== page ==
Bigger results early, then diminishing returns
Slow start, then smart
The term "learning curve" refers to two different key realities.
BIGGER RESULTS EARLY, THEN DIMINISHING RETURNS
One is in accordance with the 80/20 Rule, where one picks off the top 20% of what is important and gets 80% of the results. So in this curve, you'll start off with much greater impact for each amount of effort and over time you'll go to what is less impactful and you'll get a diminished return. See The Law Of Diminishing Returns, which is used in decisionmaking to stop doing something which has diminished in returns and to start doing something else with a greater return, similar to what you would do if you were operating by the 80/20 Rule.
SLOW START, THEN SMART
This learning curve is a "cumulative" curve.
When you start at the bottom and you learn the basics, it seems like you're not getting anywhere, for quite a while. Those who want instant learning results will give up too soon and end up like Sisyphus in the piece on The Power Of Concentrated Focus. So the curve will look flat (no gain) over time. Basically, you'll feel stupid and a bit like an idiot. A classic example is what people go through when starting any organization, where you're asking lots of questions, being relatively frustrated and lack confidence, gradually build, and then start taking off (if you didn't quit before that). See The Seven Stages Of A Business, noting that this is analogous to building a working life (which is, in a sense, an "organization"). People quit too early. They can't wait for the "pot of water to come to a boil". They probably don't have the knowledge that what they are doing will work or see that it has worked for others and should work for them. They need to go to completion on a sound plan using the Steps For Success that apply to anything.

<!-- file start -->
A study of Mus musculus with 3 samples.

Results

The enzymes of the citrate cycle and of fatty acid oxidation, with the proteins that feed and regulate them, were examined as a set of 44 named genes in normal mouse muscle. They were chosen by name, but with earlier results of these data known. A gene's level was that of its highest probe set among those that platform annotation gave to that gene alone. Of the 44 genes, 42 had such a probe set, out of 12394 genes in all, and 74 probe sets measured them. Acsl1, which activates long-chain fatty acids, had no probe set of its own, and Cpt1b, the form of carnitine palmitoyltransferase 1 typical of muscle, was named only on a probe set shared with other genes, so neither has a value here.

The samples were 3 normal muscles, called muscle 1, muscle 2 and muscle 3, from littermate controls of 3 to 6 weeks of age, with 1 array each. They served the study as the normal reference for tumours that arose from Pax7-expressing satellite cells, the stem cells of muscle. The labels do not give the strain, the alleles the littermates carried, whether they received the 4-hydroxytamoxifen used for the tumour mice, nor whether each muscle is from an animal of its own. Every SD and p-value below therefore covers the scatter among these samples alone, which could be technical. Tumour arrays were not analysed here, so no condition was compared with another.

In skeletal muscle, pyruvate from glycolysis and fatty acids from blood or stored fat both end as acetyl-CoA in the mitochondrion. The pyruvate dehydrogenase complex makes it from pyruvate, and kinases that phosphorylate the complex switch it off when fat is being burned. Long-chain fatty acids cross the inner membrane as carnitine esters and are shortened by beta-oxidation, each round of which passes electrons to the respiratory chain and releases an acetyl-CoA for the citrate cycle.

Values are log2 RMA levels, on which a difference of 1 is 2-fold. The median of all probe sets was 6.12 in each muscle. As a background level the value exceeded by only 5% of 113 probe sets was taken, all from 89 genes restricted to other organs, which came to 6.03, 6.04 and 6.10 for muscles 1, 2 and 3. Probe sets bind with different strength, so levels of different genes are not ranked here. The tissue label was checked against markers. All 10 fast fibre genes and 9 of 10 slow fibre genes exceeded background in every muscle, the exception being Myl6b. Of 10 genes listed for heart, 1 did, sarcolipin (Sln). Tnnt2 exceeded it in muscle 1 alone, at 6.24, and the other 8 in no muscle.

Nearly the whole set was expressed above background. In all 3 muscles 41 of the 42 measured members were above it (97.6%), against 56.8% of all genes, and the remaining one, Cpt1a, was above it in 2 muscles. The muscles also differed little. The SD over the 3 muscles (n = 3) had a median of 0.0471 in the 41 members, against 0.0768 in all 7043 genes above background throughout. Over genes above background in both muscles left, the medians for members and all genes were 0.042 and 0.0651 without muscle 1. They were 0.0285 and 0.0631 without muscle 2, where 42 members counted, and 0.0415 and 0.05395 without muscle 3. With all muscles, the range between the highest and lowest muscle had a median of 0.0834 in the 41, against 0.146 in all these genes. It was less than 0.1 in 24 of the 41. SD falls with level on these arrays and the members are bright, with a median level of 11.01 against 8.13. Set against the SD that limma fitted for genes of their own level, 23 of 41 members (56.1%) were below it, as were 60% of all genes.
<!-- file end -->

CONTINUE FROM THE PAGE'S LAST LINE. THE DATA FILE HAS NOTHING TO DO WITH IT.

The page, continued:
Then a funny thing will happen - everything will suddenly seem to make sense and to be usable.
You'll find that learning the tools is as useful as having a set of tools to use in doing a carpentry job, instead of doing things without tools, the hard way.
The vocabulary (a set of tools) builds so that things make sense and you can distinguish one thing from another usefully. Read The Power Of Distinctions. Pretty soon more and more comes together in a synergistic effect (where one plus one equals more than two). Or "the whole is greater than the sum of the parts". Read the synergy discussion in Diminishing Marginal Returns, where productivity actually goes up for awhile.
Suddenly you get to the stage where you can actually be productive and make sense of it all, rather than doing a bunch of memorizing and distinguishing exercises. The rate of usefulness and gains accelerates, so the formerly flat-seeming curve begins to go up.
x x x Not yet sufficient
x x x ↓
Get a good plan that you have good reason to believe will work to get results.
But in all planning, don't start something that is not worthwhile with a reasonable chance of success. Use the Carpenter's Rule: Measure twice, cut once.
Realize it will take time to make progress. Don't quit.
Use a coach if you can, to encourage you and to remind you that the plan is workable.
Enjoy the great rewards of sticking to the learning curve to get the results!